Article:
Evolution-Data Optimized or Evolution-Data Only is a wireless broadband standard within the CDMA2000 technology family. Code Division Multiple Access 2000 (CDMA2000), consisting principally of 1xRTT and One Carrier-Evolved, Data-Optimized (1xEV-DO) versions, is the second most widely deployed cellular technology in the world. 1xRTT is the most widely deployed of the CDMA2000 family of technologies and is a CDMA operator’s first step towards wireless data services. Often compared to GPRS or EDGE in the 3GPP family of technologies, 1xRTT has a further evolution to EV-DO.
CDMA2000 represents a family of standards and includes:
EV-DO uses many of the same techniques for optimizing spectral efficiency as HSPA, including higher order modulation, efficient scheduling, turbo-coding, adaptive modulation and coding, though the technology standards are not interoperable. For these reasons, it achieves spectral efficiency that is virtually the same as UMTS-HSPA. The 1x technologies operate in the 1.25 MHz radio channels, compared to the 5 MHz channels used by UMTS, resulting in lower theoretical peak rates, but similar average throughputs for high level of network loading. Under low- to medium-load conditions, because of the lower peak achievable data rates, EV-DO or EV-DO Rev A achieves a lower typical performance level than HSPA. CDMA operators have quoted 400 to 700 kbps typical throughput on the downlink for EV-DO Rel 0 and between 600 kbps and 1.4 Mbps for EV-DO Rev A.
Deployed network versions currently are based on either Rel 0 or Rev A radio-interface specifications. EV-DO Rev A incorporates a more efficient uplink, which has spectral efficiency similar to that of HSUPA. Operators started to make EV-DO Rev A commercially available in 2007. One challenge for EV-DO operators is that they cannot dynamically allocate their entire spectral resources between voice and high-speed data functions. The EV-DO channel is not available for circuit-switched voice, and the 1xRTT channels offer only medium-speed data. This will become an increasing problem for CDMA operators as data usage expands, and this limitation could cause suboptimal use of radio resources.
Another limitation of using a separate channel for EV-DO data services is that it currently prevents users from engaging in simultaneous voice and high-speed data services, whereas this is possible with UMTS- HSPA. Many users enjoy having a tethered data connection from their laptops and having the ability to initiate and receive phone calls while maintaining their data sessions.
EV-DO will eventually provide service using Voice over Internet Protocols (VoIP) through EV-DO Rev A, which includes a higher speed uplink, Quality of Service (QoS) mechanisms in the network, protocol optimizations to reduce packet overhead, and will address problems such as jitter. Nonetheless, operators will face difficult choices: How many radio channels at each base station should be made available for 1xRTT to support legacy terminals versus how many radio channels should be allocated to EV-DO? In contrast, UMTS allows both circuit-switched and packet-switched traffic to occupy the same radio channel, where the amount of power each uses can be dynamically adjusted. This makes it simple for users to migrate over time from circuit-switched voice to packet-switched voice.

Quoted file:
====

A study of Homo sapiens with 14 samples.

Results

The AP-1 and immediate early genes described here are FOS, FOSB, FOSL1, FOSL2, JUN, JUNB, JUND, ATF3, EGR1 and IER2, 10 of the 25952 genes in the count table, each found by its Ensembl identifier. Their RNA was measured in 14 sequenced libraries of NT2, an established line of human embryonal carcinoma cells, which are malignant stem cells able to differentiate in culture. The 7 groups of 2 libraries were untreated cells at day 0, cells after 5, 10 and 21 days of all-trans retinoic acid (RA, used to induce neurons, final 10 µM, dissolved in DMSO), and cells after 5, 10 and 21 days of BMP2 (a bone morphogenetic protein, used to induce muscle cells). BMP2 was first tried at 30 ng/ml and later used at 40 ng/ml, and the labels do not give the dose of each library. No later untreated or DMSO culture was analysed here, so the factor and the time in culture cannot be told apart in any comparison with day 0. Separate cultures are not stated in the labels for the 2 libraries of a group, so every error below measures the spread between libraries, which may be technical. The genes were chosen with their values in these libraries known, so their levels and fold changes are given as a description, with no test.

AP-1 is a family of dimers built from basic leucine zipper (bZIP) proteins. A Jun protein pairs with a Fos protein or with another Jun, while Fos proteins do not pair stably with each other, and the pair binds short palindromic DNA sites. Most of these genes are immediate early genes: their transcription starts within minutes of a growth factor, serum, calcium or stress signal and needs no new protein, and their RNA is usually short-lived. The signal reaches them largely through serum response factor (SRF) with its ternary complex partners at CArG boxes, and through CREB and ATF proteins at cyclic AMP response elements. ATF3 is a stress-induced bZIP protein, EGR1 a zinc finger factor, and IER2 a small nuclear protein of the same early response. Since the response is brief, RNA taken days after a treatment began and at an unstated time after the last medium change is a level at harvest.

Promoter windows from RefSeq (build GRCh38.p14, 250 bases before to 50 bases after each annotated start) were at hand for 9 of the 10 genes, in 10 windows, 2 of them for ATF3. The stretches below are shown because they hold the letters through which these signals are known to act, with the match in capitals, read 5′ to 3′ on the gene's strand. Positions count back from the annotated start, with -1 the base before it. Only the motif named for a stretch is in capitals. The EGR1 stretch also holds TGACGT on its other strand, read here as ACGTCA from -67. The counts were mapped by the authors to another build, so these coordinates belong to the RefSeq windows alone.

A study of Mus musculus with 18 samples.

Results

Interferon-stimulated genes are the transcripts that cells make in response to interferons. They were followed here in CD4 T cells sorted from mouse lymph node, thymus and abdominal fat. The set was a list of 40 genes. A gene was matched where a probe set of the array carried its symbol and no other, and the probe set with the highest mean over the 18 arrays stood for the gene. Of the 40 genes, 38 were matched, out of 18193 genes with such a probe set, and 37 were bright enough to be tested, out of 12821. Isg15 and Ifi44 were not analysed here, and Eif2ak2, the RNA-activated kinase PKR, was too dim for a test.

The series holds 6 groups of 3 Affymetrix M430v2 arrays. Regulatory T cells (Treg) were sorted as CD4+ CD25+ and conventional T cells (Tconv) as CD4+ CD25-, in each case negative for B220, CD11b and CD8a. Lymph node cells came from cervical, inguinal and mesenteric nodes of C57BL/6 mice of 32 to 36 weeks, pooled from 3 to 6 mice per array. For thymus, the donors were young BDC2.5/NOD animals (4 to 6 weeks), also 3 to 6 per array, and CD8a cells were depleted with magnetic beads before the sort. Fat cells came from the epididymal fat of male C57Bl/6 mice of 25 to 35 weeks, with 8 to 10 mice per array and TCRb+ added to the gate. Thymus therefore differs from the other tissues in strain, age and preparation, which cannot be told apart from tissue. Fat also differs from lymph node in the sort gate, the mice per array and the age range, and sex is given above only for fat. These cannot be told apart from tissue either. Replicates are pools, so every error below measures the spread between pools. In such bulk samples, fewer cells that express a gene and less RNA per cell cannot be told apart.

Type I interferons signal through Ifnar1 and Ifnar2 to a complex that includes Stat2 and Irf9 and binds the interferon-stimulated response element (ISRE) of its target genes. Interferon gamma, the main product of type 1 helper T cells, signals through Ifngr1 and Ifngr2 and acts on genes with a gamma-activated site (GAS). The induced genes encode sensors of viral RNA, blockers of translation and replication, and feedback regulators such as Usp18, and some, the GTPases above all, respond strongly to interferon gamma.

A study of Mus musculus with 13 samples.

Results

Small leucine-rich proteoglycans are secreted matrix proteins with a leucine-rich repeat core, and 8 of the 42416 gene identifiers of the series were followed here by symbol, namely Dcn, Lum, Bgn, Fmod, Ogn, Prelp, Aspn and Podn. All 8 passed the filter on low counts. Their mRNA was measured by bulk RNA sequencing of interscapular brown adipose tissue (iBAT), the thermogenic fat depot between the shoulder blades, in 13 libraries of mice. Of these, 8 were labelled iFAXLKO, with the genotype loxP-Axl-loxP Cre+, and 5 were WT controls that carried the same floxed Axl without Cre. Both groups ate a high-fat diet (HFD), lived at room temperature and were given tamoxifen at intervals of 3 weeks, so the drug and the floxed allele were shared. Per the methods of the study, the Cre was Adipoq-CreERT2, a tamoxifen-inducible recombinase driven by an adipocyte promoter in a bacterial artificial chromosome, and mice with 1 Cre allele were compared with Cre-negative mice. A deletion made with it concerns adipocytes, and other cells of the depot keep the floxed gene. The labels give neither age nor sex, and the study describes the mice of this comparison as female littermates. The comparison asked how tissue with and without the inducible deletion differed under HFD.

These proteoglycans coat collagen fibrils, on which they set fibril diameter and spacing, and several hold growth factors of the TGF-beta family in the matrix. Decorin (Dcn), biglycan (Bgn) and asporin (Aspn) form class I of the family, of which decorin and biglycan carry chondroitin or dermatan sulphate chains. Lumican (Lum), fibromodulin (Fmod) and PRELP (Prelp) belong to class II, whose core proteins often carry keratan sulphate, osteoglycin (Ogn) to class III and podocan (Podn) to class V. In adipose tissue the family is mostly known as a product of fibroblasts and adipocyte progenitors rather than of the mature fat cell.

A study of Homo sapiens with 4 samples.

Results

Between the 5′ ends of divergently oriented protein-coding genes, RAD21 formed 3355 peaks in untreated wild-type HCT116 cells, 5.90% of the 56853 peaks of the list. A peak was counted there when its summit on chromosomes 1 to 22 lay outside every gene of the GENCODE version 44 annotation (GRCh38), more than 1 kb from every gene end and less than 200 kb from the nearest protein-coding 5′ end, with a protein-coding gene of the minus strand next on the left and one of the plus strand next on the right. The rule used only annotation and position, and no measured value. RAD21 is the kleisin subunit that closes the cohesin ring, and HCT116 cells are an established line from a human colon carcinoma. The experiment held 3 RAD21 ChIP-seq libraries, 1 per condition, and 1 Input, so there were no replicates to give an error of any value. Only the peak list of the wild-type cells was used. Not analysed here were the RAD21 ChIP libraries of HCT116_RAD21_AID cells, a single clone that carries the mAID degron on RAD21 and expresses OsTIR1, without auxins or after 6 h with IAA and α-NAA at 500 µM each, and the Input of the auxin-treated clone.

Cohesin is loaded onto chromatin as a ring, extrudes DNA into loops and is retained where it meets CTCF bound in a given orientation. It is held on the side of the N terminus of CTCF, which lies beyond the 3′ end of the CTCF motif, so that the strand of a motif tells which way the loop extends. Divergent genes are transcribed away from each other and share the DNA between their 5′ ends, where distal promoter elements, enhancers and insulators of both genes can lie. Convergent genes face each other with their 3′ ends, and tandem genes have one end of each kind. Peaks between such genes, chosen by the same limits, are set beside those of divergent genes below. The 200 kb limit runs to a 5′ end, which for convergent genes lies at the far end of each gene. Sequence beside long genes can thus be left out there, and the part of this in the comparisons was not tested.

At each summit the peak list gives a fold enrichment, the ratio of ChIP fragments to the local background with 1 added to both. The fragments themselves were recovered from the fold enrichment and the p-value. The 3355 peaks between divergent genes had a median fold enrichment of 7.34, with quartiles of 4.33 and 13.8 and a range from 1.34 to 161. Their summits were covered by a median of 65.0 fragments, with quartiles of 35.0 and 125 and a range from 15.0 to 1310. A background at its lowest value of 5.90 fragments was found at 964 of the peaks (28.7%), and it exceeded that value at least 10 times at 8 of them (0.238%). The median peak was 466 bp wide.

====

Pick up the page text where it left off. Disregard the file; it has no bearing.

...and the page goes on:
Beyond Rev A, the 3rd Generation Partnership Project 2 (3GPP2) has defined EV-DO Rev B as allowing the combination of up to 15 1.25 MHz radio channels in 20 MHz – significantly boosting peak theoretical rates to 73.5 Mbps. An operator would more likely combine three radio channels in 5 MHz. Such an approach by itself does not necessarily increase overall capacity, but it does offer users higher peak data rates. The commercialization of EV-DO Rev B has been limited; as of July 2011, the CDMA Development Group identified 3 commercial networks worldwide.
Beyond Rev B, 3GPP2 developed Revision C standards, also known as Ultra Mobile Broadband (UMB). UMB was standardized based on an OFDMA approach like LTE and mobile WiMAX (802.16m). However, this standard has largely been vacated. EV-DO operators are choosing to deploy LTE because of the benefits offered by the 3GPP family of technologies. Leading CDMA operators worldwide including Verizon, KDDI, KTF and SKT are among who converged with the 3GPP world, commercially launching LTE in 2011 over other radio access methods as they are nearing the end of their existing technology roadmap.
Though the migration from CDMA2000 to LTE is feasible, it will be more complex than migrating from UMTS-HSPA to LTE, especially in achieving interworking between LTE and legacy networks.
The CDMA2000 family of standards will continue to serve operators well into the next decade. Many CDMA2000 operators are supplementing or evolving existing networks with OFDMA technologies such as LTE to deliver advanced mobile applications that require greater network capacity and data speeds. It will be necessary to develop solutions to ensure that CDMA2000 devices, networks and roaming provide a seamless user experience across CDMA2000 to LTE wireless technology platforms.